You are here

MAS to simplify rules to improve flexibility for market operators and speed to market for new products

THE Monetary Authority of Singapore (MAS) intends to simplify rules to encourage more exchanges and also make it easier to launch new derivative products.

It proposes to improve market operators' business flexibility when establishing new centralised trading facilities and speed to market when launching new products, the MAS said on Tuesday.

The proposals, set out in a consultation paper, are part of MAS' broader objectives to facilitate innovation in financial services by recognising emerging new business models while safeguarding investors' interest.

There will be a new multi-tier regime for market operators, MAS said.

sentifi.com

Market voices on:

MAS proposes to expand the existing Recognised Market Operators (RMO) regime from a single tier to three separate tiers (namely RMO Tier 1, RMO Tier 2 and RMO Tier 3) to better match regulatory requirements to the risks posed by different types of market operators.

"A multi-tier RMO regime with gradated requirements can better accommodate the emergence of new business models such as blockchain-based or peer-to-peer trading facilities, and lower the cost of entry for startup operators," it said.

MAS currently regulates market operators under two categories, namely the Approved Exchanges (AEs) and RMOs.

AEs include the Singapore Exchange (SGX) and ICE or Intercontinental Exchange while RMOs include Cleartrade for trading commodity derivatives or bond portals such as Bloomberg Tradebook and BGC.

Systemically-important market operators such as the SGX are regulated as AEs and are subject to a higher level of statutory obligations, while other non-retail market operators are regulated as RMOs.

At present, only AEs, which are subject to the most stringent regulatory requirements, are allowed to serve retail investors.

RMO Tier 1 is a new tier for market operators that serve a limited base of retail investors, said MAS.

Currently, the existing RMO regime does not allow access to retail investors.

With this new tier, market operators that do not pose system-wide risks will be allowed to serve retail investors if they are able to meet additional requirements that pertain to retail investor protection, said MAS.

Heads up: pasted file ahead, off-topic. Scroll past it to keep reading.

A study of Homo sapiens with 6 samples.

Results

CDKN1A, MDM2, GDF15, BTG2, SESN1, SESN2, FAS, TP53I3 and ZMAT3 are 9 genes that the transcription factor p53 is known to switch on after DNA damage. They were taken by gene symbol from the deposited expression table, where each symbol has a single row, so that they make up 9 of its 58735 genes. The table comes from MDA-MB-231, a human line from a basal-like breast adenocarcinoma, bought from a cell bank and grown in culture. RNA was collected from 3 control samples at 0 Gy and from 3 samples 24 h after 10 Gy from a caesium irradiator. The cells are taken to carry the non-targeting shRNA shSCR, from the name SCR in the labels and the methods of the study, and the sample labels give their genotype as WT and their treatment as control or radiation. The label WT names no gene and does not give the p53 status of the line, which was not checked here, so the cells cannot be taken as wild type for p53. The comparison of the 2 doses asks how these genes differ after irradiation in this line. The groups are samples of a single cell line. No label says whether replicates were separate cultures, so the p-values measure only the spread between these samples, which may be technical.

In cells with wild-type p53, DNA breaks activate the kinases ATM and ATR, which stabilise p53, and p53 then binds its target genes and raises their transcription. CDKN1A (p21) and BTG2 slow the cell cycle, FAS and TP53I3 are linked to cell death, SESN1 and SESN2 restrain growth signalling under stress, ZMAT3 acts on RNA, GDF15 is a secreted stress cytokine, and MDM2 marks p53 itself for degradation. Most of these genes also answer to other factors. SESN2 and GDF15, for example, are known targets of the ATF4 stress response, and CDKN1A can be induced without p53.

"These requirements are more stringent than the existing RMO regime and include increased information disclosure."

RMO Tier 2 is for market operators that qualify under the existing RMO regime. These exchanges do not pose system-wide risks, and only serve non-retail investors, it said.

The regulatory requirements for this tier will be the same as those under the existing RMO regime. Market operators that are currently authorised as RMOs will be re-classified under this tier.

RMO Tier 3 is a new tier for market operators that have a significantly smaller scale of business compared to more established operators.

"This new tier is designed to facilitate new entrants that develop solutions for wholesale market participants, or market operators that have reached the end of their sandbox tenure and are commercially viable, but whose businesses are not able to meet the requirements of the existing RMO regime."

Under this tier, they will be subjected to less stringent requirements on capital, technology risk management and outsourcing, said MAS. Their scale of business activity will, however, be capped to limit the impact in the event of failures, it added.

MAS proposes to allow RMO Tier 3 applicants to self-certify their compliance against a checklist of requirements, given their smaller business scale and more sophisticated investor base. With self-certification, MAS expects to complete processing applications within four weeks of submission.

MAS also said it intends to replace the current approval regime for the launch of new derivatives products traded on exchanges with a notification regime.

It proposes for market operators to self-certify that the derivatives products to be traded comply with MAS' requirements, and notify MAS no less than one week prior to the product launch announcement. There will be no need to seek MAS' approval and market operators will be better able to plan their launch timelines.

Lee Boon Ngiap, MAS assistant managing director, capital markets, said: "The proposals will benefit the industry as market operators will have greater flexibility to choose between different business models with regulatory requirements and compliance costs that are commensurate with their investor reach.

"They will also be able to launch their products more quickly in response to market demand. These changes are in line with MAS' risk-based supervisory approach."

The public consultation will end on June 22, 2018.